So will my Heavenly Father do to you,
unless each of you forgives your bother
from your heart.
Day Eighteen of Lent: Tuesday of the Third Week of Lent – Matthew 18
So will my Heavenly Father do to you, unless each of you forgives your bother from your heart – Matthew 18:35.
Today’s Lenten Reflection
Even though it didn’t happen, you gotta love Peter for at least trying to put a number on the number of times we must forgive. Jesus’ response, however, is direct and forever seared into the hearts and minds of all men: Seventy times seven. In other words, we must forgive without limit. Peter asking for a finite number reminds us of our fallenness. Let’s be honest, we don’t usually want to forgive others for their misgivings yet we want to be forgiven ourselves. Similarly, we don’t want God to forgive our enemy but we want forgiveness for our wrongdoings. See the hypocrisy?
So often we miscalculate God’s expectations of us. Jesus reminds us that as His true disciples there can be no limit on forgiveness. Following Christ truly and honestly demands us placing all our hurts and resentments behind us. In so doing, we lay down our ego, pick up the virtue of humility, and begin to trust God. Forgiveness not only keeps our heart tender rather than hardening over time, it also allows God to forgive us for all our wrongdoing. Do unto others as you would have done unto you. In His perfect love and omniscience, Jesus knew what was best for us temporally – here and now – and eternally. He knew that forgiveness was the doorway to eternal blessings, our sanctity, and total freedom here, now, and forevermore.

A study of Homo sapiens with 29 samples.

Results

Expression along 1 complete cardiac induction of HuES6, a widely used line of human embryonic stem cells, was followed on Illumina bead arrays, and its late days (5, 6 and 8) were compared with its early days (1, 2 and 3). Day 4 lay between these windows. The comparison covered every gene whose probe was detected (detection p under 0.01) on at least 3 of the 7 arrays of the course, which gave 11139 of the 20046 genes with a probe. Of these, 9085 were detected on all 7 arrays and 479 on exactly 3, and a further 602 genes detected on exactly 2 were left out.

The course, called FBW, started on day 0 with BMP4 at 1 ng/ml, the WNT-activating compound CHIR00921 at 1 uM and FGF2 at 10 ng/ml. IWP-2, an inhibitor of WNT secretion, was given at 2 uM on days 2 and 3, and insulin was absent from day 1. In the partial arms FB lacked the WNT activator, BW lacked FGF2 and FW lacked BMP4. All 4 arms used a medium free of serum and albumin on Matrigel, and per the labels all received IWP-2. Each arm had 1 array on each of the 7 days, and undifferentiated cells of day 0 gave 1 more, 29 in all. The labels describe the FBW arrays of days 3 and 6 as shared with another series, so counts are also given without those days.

Day 18 Lenten Meditation
When was the last time you forgave someone? Can you remember the emotions you felt afterwards? Oftentimes, it is not until after we have forgiven someone that we realize how light and wonderful we feel no longer carrying the heavy burden of unforgiveness. This is not to say we won’t still carry some of our scars with us. We will. But when we learn to let the heaviest of burdens go and extend Christ’s mercy to other fallen people just as He has done for us, we become like Him – like Christ. In other words, we build Christ-like virtue (which, by the way, leads to sainthood!). Through forgiveness we begin to share in His perfection, moving from “glory to glory,” and little by little we become exactly who Christ has always intended.
Merciful Father, You are slow to anger and quick to forgive. We pray to be able to follow Your example even when it is not easy and when someone else is not easy to love. We ask You to give us patience. Give us Your compassion and the ability to see You in others. Master of mercy, through faith You are moved to free us from this prison we so often close ourselves in. May Your Spirit and grace convict us when we are hardhearted, and may Your gentleness continue to transform our hearts little by little, day by day. It is in Your good and holy Name we pray. Amen.
Today’s suggested Penance
Point out to another his or her gifts and blessed qualities. Remind them how important they are.
“Oh, God, to know You is life. To serve You is freedom. To praise You is the soul’s joy and delight. Guard me with the power of Your grace here and in all places. Now and at all times, forever. Amen” – Saint Augustine.